U.S. oil prices jumped on Wednesday, trimming some of this week's losses, after U.S. stockpiles rose less than expected and on expectations demand will increase as some European countries and U.S. cities moved to ease coronavirus lockdowns.
U.S. West Texas Intermediate (WTI) crude CLc1 futures climbed to a high of $14.40 a barrel and were up 15.4%, or $1.90, at $14.24 at 0233 GMT, paring a 27% plunge over the first two days of this week. Brent crude LCOc1 futures rose 4.6%, or 93 cents, to $21.39 a barrel, adding to a 2.3% gain on Tuesday.
U.S. crude inventories rose by 10 million barrels to 510 million barrels in the week to April 24, data from industry group the American Petroleum Institute showed on Tuesday, compared with analysts' expectations for a build of 10.6 million barrels.
"It's a little bit of good news that maybe storages aren't filling quite as quickly in the U.S. as you would have thought," said Lachlan Shaw, head of commodity research at National Australia Bank in Melbourne.
The market will get another read on U.S. inventories when the U.S. Energy Information Administration releases weekly data later on Wednesday. While storage is rapidly filling up, production cuts by U.S. shale producers, estimated by consultants Rystad Energy at 300,000 barrels per day (bpd) for May and June, should help slow flows into tanks. The United States is now the world's biggest oil producer.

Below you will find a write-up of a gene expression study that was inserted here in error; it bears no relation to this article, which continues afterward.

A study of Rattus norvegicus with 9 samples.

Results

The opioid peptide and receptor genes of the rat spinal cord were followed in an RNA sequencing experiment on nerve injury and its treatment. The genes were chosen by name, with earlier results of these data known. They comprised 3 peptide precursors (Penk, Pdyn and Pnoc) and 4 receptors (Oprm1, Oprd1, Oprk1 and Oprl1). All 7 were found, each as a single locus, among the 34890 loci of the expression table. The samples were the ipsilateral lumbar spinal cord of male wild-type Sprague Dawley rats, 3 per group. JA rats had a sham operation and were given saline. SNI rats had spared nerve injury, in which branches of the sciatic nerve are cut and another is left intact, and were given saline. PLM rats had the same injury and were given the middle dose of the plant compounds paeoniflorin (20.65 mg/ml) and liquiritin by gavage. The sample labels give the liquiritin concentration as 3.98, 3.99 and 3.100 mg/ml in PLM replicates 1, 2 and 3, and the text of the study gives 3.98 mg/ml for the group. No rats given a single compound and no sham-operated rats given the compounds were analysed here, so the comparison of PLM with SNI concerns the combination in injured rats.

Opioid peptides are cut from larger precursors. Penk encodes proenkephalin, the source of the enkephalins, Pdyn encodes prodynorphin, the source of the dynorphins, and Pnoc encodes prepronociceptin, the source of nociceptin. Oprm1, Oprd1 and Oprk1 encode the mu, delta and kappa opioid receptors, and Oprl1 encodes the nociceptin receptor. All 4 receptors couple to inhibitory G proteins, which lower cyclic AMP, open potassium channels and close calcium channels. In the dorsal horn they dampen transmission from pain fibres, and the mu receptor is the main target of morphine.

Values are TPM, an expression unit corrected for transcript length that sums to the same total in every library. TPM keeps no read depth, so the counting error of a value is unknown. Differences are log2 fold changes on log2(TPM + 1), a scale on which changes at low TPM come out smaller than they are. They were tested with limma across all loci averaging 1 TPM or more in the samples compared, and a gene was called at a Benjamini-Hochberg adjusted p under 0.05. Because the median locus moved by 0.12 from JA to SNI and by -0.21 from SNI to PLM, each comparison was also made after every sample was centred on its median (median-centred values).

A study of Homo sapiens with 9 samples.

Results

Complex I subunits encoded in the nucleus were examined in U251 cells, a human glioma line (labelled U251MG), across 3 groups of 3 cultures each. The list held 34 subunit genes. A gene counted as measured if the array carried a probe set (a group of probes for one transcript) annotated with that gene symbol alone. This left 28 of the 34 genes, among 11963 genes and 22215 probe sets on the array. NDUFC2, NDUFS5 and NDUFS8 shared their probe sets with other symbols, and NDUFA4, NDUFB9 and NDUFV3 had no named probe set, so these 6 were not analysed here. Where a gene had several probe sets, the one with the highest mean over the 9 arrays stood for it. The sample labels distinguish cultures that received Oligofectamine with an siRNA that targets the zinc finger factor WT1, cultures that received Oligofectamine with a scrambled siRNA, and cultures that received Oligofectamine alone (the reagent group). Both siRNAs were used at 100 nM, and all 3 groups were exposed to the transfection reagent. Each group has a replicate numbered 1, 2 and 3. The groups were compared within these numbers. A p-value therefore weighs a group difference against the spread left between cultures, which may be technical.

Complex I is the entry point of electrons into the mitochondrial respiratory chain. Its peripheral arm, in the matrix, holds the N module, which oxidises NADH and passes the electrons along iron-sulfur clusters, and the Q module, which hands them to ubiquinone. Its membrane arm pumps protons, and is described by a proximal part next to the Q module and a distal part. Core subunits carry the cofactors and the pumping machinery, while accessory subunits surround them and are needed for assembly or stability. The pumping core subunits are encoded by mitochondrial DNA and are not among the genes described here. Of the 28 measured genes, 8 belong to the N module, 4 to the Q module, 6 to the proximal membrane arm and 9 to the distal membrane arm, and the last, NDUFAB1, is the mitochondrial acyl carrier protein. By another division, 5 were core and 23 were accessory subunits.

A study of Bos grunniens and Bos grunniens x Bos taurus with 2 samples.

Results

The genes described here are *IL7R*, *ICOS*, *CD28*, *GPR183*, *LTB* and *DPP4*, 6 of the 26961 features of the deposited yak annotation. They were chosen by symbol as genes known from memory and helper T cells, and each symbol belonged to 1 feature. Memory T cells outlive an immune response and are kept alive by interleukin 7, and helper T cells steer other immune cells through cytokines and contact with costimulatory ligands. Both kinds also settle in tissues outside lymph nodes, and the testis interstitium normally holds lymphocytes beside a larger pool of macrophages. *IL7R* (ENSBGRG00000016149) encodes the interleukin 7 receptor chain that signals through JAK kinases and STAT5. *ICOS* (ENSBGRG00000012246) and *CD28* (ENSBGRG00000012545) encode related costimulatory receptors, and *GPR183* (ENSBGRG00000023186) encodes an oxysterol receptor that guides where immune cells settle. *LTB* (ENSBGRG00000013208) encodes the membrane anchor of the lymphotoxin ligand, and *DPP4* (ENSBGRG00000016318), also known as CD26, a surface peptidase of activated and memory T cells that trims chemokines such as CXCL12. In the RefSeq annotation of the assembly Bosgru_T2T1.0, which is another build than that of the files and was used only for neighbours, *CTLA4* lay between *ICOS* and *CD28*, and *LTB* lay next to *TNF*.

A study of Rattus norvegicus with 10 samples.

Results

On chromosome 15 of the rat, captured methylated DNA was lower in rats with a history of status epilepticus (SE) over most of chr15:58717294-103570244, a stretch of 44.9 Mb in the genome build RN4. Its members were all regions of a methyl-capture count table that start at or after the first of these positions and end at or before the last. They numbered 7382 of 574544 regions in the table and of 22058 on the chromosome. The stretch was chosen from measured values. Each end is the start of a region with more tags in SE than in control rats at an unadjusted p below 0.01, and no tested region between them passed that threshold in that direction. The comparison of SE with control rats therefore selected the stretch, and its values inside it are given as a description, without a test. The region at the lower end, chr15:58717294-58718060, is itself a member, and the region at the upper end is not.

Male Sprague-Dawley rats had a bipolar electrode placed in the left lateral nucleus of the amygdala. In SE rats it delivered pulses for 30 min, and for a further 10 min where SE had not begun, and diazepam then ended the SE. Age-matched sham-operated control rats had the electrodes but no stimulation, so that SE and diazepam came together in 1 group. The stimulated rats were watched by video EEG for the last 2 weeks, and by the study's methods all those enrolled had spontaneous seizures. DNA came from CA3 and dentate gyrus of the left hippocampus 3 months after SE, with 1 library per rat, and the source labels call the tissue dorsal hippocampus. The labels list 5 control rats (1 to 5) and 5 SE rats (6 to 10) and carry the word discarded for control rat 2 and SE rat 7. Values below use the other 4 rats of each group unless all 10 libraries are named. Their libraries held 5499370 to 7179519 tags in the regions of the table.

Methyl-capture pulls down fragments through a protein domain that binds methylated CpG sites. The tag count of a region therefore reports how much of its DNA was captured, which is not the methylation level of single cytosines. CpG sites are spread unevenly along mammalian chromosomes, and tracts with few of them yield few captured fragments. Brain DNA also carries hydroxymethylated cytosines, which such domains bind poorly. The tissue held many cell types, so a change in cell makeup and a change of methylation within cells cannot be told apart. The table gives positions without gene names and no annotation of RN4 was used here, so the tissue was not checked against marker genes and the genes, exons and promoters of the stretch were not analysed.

Regulators in the U.S. state of Texas, the country's biggest oil producer, will hold a vote on May 5 on whether to enact output curtailments. Officials in the states of North Dakota and Oklahoma are also examining ways to legally allow output cuts.
That would add to production cuts of almost 10 million bpd agreed by the Organization of the Petroleum Exporting Countries (OPEC) and other large producers including Russia, or about 10% of global production, due to take effect from May 1.
At the same time, hopes for at least some demand recovery put a floor under oil prices, following two days of selling in June contracts by exchange-traded funds looking to avoid the extreme volatility which hit WTI last week.
"The other thing coming through is more detail and a louder groundswell towards plans for removing COVID restrictions, particularly in Europe - in countries like Spain, France, Austria and Switzerland. That's going to see demand pick up," Shaw said.
Credit rating agency Moody's cut its oil price assumptions on Wednesday, seeing WTI averaging $30 a barrel in 2020 and $35 in 2021, because of a global recession weighing on fuel demand and said it expected ample oil supply in storage to keep prices low through 2021.